BENNINGTON -- Tim VanOrden will do whatever it takes today to get his body to the top of a 62-story skyscraper in downtown Los Angeles before hundreds of others.

But unlike his competitors, he is only fueled by fruits and vegetables, some nuts and some seeds, and he eats them only in their natural state: uncooked, unprocessed and unrefined. He is a raw vegan athlete and has been for the past three years.

That is when a mysterious illness caused him to quit his job and try something entirely new. That is when he started running up mountains, then buildings, now in snowshoes and on the track.

More than 70 miles a week

Since then, he has sold off many of his personal possessions to finance his new passion, training more than 70 miles a week, often up mountains, and eating what he believes is the healthiest diet out there.

He is not selling anything, other than a lifestyle. He has created a Web site. He is working on a book and a documentary. He is trying to reach as many people as possible.


"The air is so dusty and dry it literally scorches your trachea to the point where it feels like you're going to die," VanOrden said wearing his self-designed, dry-fit shirt, with the name of his Web site, , printed on the front, and his slogan, Powered by Raw Foods, on the back. "You can't breath. Everyone who finishes the race is gasping and holding their throat, and they're screaming and moaning because it hurts so bad."


VanOrden's running journey started on the Paseo Miramar trail in Pacific Palisades, Calif., known for its steep climbs and scenic vistas.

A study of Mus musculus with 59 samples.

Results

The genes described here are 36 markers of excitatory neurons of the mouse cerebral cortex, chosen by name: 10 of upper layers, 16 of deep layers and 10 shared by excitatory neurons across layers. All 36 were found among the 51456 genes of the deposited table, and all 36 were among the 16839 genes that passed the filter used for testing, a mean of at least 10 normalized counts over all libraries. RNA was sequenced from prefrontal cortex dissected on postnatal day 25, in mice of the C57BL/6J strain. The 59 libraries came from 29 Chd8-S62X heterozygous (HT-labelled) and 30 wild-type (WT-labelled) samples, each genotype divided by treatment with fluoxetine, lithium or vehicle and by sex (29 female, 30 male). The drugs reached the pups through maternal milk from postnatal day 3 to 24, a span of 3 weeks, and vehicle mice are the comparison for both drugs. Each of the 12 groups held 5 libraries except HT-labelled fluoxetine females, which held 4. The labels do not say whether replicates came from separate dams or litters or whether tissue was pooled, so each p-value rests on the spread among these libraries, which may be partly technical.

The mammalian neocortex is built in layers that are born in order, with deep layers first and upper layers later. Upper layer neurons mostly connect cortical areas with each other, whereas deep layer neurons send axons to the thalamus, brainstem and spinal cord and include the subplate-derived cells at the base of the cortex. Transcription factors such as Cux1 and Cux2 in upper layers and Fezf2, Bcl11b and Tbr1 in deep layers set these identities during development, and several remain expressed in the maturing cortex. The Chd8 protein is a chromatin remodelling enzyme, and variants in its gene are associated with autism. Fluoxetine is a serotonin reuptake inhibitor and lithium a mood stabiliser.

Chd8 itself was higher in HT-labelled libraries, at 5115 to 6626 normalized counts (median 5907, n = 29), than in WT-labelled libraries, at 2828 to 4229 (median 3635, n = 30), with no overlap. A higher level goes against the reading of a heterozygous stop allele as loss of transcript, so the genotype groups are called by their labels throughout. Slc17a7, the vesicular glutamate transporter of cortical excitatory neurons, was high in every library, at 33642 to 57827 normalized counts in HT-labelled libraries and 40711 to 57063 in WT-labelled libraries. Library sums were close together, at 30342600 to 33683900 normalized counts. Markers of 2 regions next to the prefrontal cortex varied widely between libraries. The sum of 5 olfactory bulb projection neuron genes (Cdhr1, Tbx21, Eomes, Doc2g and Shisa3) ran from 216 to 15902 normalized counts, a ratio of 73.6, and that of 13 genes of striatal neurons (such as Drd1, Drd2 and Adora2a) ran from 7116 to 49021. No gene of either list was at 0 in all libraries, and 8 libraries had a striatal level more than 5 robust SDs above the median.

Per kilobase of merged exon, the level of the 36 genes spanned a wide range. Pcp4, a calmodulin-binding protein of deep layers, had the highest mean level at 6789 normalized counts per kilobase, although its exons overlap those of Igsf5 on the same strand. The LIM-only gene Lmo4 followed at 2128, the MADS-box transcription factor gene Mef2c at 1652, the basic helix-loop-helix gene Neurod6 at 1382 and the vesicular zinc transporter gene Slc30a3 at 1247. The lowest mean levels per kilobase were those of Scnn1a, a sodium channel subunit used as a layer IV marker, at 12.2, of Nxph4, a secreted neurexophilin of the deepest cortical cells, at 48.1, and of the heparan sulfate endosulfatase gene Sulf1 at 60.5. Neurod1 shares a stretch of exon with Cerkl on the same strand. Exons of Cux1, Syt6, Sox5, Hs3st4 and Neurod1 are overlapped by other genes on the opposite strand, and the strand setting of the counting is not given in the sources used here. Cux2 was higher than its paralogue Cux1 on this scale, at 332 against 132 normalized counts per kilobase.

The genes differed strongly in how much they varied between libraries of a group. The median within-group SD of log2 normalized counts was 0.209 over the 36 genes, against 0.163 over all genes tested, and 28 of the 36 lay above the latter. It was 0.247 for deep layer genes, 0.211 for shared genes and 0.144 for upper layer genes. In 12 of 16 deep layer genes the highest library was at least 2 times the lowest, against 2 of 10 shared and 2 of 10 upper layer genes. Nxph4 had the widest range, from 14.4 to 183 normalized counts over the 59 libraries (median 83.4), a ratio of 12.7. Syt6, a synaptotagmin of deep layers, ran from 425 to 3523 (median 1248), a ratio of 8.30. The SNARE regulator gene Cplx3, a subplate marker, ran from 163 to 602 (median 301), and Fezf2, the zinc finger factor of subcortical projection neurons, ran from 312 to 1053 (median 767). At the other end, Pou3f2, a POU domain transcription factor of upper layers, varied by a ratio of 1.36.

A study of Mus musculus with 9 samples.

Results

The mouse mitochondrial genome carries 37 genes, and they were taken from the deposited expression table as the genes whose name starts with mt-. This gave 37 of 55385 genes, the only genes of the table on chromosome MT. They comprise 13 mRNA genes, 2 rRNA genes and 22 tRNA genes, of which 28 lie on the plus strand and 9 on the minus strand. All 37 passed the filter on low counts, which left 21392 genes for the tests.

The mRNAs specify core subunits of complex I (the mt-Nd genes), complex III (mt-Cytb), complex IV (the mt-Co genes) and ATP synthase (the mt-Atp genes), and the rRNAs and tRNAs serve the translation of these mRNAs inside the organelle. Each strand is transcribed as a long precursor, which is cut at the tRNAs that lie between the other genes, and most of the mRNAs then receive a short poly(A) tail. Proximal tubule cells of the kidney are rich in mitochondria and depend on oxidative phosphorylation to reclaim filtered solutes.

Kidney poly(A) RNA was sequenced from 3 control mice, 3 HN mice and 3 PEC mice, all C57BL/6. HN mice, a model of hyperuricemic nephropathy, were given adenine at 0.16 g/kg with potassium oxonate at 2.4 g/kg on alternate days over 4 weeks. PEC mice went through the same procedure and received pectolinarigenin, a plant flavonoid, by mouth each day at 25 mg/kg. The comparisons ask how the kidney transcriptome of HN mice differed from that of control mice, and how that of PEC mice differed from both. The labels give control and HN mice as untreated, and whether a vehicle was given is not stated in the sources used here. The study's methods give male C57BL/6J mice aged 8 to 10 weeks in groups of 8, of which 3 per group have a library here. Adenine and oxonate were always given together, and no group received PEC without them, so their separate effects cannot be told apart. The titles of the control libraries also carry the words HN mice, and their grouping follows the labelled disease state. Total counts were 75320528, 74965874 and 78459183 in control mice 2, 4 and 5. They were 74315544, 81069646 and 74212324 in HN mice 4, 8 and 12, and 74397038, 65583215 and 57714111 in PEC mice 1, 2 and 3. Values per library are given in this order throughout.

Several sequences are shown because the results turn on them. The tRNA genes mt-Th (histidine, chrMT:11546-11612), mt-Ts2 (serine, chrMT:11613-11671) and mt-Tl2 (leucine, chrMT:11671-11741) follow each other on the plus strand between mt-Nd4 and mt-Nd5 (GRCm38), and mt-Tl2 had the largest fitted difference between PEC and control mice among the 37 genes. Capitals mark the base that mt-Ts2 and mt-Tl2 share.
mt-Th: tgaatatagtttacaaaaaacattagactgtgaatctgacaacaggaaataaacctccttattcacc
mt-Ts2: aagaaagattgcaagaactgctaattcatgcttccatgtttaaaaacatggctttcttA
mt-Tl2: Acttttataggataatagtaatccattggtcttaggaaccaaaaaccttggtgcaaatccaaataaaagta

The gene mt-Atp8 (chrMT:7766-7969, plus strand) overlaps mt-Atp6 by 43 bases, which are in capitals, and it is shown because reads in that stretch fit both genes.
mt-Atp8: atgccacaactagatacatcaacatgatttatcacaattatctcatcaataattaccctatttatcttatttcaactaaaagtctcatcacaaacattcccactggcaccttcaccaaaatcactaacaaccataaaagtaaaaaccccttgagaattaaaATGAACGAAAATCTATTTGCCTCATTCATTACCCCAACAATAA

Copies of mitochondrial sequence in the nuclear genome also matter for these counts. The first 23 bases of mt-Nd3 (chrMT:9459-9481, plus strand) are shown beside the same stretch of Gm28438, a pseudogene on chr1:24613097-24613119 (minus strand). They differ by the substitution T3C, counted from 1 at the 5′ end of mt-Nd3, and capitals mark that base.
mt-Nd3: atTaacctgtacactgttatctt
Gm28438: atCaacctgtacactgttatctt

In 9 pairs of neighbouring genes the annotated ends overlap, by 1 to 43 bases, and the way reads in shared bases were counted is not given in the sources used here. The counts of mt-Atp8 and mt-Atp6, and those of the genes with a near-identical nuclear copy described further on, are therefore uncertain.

He had been working in Los Angeles as an actor and photographer, adhering to a vegan diet on the advice of a woman who told him that all the movie stars ate that way to stay young looking.

However healthy his diet was -- he ate that way for six years -- the stress of living in Los Angeles finally caught up to him. Eventually, he could not get out of bed. Paralyzed by extreme fatigue, he quit his job.

VanOrden had met people who called themselves "raw foodists," but he never thought anything of it. Now, although skeptical, he was at the point where he was willing to try anything to get better. "At first, I thought why would I want to do that?" he said. "That's stupid, and what do you eat? Bird seed and wheat grass and carrot juice."

But instantly after eating raw foods, he felt better, and after six months, he told himself that he was going to eat this way the rest of his life. His family and friends were supportive.

"When I went vegan, they all thought I was crazy," he said. "It's like, 'Oh no, he's in California now, he's like one of those freaks,'... But when I went raw that didn't happen because they really saw a dramatic difference in me."


VanOrden has been training like a man possessed, but he still only consumes about 1,500 to 2,000 daily calories, less than most inactive men at his weight. It is hard for him to eat more. The 2-pound salad he will have for dinner will only give him about 300 calories. His theory is that his diet has eliminated a large percentage of his caloric need, as he does not require the caloric energy most people do to break down processed and fatty foods.